Let the Great South Run guide you to greatness

On your marks, get set, go
On your marks, get set, go

COMMENT: University has to prove it offers value for money


I know a number of people who donned wet weather gear to hit the 10-mile course around the city and what’s great is a lot of them weren’t supreme athletes out to beat the clock.

What makes this event so special is that alongside the world-class sprinters you also get the inspirational runners who pit themselves against the elements in an effort to raise money for a good cause.

Quite a few of them are first-time runners who go through the pain to raise money for charity or just to show they can have a go.

Completing a 10-mile run, jog or even walk is no mean feat and is a great accomplishment for anyone to achieve.

Anyone who finished the run will tell you of the buzz and high that comes from taking part in this huge event.

So why let the feeling stop there? The boost in confidence and enthusiasm left behind by a large-scale group event like the Great South Run is a perfect springboard for your journey into fitness.

Whether running, swimming, rowing, or dancing, you will experience the same good feelings and great health benefits.

There are lots of techniques out there for people who haven’t done a lot of running before but would like to in order to get fit.

In and around the Portsmouth, Gosport, Havant and Fareham areas there are plenty of scenic open spaces to go running in.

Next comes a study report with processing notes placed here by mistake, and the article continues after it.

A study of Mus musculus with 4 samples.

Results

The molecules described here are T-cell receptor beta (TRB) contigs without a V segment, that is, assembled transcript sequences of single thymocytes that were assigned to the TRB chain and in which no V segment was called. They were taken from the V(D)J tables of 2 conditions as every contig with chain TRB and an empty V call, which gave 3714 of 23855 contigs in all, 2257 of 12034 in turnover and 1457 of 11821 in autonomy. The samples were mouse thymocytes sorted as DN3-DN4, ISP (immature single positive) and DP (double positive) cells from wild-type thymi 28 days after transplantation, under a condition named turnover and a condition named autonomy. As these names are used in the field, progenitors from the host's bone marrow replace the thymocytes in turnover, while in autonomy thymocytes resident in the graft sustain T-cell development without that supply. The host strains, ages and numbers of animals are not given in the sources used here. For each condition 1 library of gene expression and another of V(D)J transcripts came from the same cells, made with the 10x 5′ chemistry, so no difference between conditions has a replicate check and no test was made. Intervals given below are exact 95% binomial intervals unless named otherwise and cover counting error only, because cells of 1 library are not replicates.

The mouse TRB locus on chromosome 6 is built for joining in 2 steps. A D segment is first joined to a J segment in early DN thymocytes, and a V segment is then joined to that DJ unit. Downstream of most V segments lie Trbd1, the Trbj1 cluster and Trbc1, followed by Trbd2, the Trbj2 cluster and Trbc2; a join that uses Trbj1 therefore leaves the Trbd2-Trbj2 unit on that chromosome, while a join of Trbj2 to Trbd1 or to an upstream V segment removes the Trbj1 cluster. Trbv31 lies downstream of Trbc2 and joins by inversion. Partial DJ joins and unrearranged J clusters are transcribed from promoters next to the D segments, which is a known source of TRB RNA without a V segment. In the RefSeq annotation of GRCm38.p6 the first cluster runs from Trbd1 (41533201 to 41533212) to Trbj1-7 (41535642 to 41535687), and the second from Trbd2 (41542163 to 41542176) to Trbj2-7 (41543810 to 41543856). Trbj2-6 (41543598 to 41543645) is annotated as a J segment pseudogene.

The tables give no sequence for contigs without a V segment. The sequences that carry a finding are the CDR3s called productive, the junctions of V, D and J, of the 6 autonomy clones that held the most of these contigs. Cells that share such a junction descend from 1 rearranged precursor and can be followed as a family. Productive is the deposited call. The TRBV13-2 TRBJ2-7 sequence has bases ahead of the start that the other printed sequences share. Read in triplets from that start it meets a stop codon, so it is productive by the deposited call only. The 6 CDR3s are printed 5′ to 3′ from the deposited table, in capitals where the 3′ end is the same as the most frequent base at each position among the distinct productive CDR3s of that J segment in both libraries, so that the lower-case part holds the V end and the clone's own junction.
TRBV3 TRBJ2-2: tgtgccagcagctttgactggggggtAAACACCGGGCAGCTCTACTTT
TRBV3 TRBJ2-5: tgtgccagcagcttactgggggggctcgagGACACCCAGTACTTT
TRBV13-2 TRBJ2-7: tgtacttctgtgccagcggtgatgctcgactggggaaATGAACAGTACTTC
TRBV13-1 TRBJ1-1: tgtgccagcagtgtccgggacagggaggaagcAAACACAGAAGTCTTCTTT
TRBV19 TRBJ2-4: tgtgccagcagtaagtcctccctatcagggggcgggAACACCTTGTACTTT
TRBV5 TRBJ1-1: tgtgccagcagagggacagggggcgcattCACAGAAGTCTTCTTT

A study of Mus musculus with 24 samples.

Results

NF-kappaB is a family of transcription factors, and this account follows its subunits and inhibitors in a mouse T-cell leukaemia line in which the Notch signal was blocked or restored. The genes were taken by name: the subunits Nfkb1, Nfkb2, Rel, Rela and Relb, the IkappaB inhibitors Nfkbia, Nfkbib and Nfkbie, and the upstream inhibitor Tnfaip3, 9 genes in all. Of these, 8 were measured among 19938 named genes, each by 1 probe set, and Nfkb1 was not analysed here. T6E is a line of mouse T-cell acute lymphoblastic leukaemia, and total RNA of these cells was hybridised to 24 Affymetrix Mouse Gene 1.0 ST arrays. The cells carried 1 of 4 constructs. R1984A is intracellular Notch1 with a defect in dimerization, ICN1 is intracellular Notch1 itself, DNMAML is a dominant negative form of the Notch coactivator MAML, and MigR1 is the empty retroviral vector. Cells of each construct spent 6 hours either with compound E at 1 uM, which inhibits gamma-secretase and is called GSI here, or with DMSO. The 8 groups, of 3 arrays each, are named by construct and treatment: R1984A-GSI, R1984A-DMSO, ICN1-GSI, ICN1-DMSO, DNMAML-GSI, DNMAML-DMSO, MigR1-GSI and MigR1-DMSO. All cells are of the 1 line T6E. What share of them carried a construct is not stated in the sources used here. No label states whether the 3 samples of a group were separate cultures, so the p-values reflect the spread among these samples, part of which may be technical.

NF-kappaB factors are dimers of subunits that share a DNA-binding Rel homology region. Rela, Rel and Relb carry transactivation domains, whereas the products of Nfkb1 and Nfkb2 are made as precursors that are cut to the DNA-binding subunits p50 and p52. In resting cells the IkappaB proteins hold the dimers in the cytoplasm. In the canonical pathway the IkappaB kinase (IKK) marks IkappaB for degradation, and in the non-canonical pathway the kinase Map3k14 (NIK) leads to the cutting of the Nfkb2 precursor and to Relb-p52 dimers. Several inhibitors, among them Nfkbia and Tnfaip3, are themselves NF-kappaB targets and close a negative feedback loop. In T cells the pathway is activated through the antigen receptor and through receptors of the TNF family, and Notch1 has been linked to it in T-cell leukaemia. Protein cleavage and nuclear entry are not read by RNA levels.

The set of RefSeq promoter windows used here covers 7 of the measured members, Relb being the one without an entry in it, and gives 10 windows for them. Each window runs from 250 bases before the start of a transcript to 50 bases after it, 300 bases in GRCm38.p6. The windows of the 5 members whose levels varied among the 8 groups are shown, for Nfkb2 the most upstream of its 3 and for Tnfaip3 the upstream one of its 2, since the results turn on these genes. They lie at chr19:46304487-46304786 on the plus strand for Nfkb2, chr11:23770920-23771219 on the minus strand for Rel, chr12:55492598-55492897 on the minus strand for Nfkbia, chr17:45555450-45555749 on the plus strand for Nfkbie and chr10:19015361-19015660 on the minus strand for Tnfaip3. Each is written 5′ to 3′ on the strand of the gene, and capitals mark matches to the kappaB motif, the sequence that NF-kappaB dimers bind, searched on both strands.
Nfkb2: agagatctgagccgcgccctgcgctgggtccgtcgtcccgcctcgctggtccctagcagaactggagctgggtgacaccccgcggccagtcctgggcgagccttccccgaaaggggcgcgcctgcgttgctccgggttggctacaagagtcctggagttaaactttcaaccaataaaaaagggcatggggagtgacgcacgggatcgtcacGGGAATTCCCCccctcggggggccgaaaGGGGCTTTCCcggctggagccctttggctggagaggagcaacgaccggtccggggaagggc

So if you want to take it a step further there are plenty of things to do. But don’t worry, it doesn’t all have to be a feat of endurance.

One great programme is the NHS-backed Couch to 5K for absolute beginners which gradually builds you up to being able to run 5km in just nine weeks.

Sometimes we are tempted to just jump into our trainers and pound the pavement in an all-out sprint. But if you’re not used to running, this approach will leave you feeling utterly knackered, defeated and unlikely to want to return to it anytime soon.

The Couch to 5K programme is a slow mix of running and walking to build up your stamina until you’re keeping a good pace.

So if you cracked the Great South Run this year, keep training and have another go at it in 2013.

With all that extra practice you’ll be getting in, you can look forward to smashing the time you set yourself this year.

And if you didn’t take part this year, you’ve got plenty of time to get ready for the next one. The people of Portsmouth cheering from the sidelines will give you all the motivation you need.

For more information about the Couch to 5K programme, visit nhs.uk/LiveWell/c25k.


Tis the season to be poorly. So keep that in mind when you’re training at this time of year.

I’m just recovering from a horrible bout of lurgy myself and I almost fell victim to the mistake of carrying on with my normal training intensity while still recovering from a cold.

I nearly lost balance from going too hard and could have had a painful fall with a heavy set of weights on my shoulder.

Always remember when you’re not feeling 100 per cent your body and mind are not operating at their normal levels, which makes it dangerous to try and push yourself to your normal limits.

By all means train a little if you are under the weather, but training too hard too soon after catching a bug can slow your recovery down or cause an accident.

Frustrating though it may be, sometimes you need to just take a bit of time off.

So kick back, relax and think up some exciting new training ideas for when you’re back on your feet.